Dempsey Essick is a self taught, self expressed realist watercolor artist. He is known as the Hummingbird Bird Artist; not only for the hummingbirds he paints but for the hidden hummingbirds he hides in his paintings.
Living on the Piedmont plateau of North Carolina, Dempsey Essick has always felt fortunate to be in such close proximity to the white sand beaches and the islands of the Outer Banks with their great fishing and picturesque lighthouses. At the same time, it is only a short drive west to be in some of the most beautiful mountains in the world, the beautiful Blue Ridge Mountains of the Appalachian Range.
Some of Dempsey's fondest memories are of family picnics along the Blue Ridge Parkway and splashing in the tumbling waters of a cool stream. The play of sunlight on the still pools and reflections from the smooth rocks and verdant foliage, even when he was very young, appealed to his budding artistic sense. In those early days, he was awed by the absolute silence of the deep forest, the lush green of trees that were there when Columbus discovered America. He is still awed by those same things today. He spends much of his leisure time hiking, fishing and camping in the mountains.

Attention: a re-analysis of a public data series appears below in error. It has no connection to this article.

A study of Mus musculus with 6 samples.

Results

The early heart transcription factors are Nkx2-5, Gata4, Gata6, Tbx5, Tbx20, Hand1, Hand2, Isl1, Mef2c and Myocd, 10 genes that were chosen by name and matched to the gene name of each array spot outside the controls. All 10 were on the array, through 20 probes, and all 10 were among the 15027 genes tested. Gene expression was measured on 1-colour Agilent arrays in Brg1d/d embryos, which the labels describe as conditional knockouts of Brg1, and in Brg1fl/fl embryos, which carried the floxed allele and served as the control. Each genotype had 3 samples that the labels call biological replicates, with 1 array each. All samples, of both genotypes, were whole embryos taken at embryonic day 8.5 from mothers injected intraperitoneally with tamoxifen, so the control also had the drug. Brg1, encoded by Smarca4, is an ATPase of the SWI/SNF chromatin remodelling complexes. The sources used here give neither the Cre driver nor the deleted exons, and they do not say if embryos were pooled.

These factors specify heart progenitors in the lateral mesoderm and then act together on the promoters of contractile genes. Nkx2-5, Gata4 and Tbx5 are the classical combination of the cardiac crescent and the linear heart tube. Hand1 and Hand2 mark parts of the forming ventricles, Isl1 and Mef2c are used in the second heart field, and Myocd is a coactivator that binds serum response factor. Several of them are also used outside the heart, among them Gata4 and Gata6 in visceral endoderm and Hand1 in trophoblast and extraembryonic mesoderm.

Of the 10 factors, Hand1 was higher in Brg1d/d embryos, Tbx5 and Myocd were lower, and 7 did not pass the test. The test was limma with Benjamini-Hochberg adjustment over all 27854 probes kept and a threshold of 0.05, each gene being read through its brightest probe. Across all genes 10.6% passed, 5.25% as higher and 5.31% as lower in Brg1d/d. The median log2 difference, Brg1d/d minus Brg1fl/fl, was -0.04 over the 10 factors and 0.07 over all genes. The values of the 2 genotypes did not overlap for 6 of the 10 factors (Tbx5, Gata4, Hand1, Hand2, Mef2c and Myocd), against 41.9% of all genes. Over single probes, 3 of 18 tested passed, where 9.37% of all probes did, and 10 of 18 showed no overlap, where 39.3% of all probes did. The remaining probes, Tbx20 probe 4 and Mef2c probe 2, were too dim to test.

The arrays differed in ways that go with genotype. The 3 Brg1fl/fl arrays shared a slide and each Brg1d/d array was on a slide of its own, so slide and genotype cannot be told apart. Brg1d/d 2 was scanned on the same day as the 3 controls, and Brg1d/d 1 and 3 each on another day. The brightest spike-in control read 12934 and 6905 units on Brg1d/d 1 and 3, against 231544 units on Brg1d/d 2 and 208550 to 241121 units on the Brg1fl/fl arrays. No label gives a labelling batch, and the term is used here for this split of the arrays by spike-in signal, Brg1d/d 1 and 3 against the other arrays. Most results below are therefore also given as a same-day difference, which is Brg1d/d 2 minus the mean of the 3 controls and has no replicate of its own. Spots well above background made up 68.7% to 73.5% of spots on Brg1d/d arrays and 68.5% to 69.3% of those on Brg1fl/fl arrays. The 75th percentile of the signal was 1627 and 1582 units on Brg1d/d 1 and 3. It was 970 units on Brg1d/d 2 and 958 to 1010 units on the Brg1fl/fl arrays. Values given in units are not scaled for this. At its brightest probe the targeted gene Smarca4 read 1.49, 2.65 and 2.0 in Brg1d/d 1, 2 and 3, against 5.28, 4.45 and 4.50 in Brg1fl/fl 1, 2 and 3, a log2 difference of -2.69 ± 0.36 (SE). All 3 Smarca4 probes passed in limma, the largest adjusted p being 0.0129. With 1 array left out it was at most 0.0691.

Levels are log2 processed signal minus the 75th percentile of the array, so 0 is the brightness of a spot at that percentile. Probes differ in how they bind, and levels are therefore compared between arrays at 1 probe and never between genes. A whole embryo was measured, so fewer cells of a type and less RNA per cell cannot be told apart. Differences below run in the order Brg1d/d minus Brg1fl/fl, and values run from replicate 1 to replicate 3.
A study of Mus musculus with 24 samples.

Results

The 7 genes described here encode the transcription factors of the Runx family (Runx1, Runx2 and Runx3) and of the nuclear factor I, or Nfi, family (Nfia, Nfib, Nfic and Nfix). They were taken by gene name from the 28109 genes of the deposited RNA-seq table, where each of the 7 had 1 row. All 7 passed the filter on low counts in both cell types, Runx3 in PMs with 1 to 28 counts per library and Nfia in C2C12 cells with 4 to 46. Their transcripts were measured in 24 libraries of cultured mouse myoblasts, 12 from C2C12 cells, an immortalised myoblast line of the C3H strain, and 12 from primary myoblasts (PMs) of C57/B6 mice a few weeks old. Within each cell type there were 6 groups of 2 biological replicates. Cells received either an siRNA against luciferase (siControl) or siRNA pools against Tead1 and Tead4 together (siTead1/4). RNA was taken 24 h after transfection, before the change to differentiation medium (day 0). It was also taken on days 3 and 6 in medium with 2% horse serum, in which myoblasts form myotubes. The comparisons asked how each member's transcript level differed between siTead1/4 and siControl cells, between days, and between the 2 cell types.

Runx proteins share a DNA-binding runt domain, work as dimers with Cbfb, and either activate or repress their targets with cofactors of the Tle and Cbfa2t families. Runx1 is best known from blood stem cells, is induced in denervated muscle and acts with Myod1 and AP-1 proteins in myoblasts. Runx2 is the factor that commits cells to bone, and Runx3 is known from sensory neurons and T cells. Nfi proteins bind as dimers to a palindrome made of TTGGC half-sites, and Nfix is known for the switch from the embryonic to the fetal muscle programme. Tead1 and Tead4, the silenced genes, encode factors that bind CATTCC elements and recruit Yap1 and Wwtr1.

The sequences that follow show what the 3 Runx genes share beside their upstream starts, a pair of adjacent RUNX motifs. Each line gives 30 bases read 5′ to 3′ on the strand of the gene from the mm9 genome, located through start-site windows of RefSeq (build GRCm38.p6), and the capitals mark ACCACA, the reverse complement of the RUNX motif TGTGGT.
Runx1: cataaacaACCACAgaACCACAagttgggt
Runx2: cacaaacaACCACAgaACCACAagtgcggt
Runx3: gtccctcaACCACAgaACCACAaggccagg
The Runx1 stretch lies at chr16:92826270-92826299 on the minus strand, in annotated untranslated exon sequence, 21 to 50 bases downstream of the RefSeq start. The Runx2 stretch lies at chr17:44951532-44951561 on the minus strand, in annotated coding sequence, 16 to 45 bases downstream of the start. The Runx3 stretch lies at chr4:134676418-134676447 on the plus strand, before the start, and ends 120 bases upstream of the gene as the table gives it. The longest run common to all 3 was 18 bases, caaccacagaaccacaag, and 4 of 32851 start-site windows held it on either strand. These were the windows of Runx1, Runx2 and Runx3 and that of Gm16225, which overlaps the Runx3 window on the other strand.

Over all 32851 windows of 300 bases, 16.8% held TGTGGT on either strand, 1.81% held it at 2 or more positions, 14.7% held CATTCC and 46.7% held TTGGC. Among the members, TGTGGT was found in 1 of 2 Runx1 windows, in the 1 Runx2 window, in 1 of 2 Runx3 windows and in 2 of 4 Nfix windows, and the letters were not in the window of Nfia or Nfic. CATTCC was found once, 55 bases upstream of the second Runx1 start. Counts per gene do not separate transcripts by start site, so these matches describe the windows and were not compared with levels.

One of Dempsey's favorite spots for camping is the Mortimer Recreation Area, in the Pisgah National Forest, just south of the Edgemont community. He spent two days on the hiking trails, looking for a scene that would speak to him and tell him that here was the site for his next painting. He had left the dirt road and was wading upstream in Wilson Creek where there was no trail when he came around a bend in the stream and the bells and whistles went off in his head. There before him was a view that almost took his breath away.
In the foreground, right at his feet, was a small rapid with the crystal clear water tumbling over rocks smoothed by centuries of being immersed. Just beyond was a clear pool that seemed to invite a dry fly. Framed by the break in the trees was a splendid view of the summit of Yellow Buck Mountain and, off to the right, leaning into the picture as if to say "look at me!" was a lone evergreen pine tree. Dempsey knew instantly that this was the scene he had been looking for.
Back home, with the pictures spread out to bring back the image that he carried in his mind, Dempsey started the long and labor intensive process of depicting each rock, each tree, each reflection that would take the viewer into the mountains with him to experience "Wilson Creek." A part of every painting is fantasy and Dempsey pictured in his mind what the scene would be like without the intrusion of a human. With that thought in mind, he added the doe and her fawn because that would truly be natural to the scene he was painting.
Those familiar with Dempsey's work will recognize a maturity in his more recent paintings. As he ages as a man, it is natural that his work matures also. Now, at this stage of his life, Dempsey Essick is producing the best work of his life.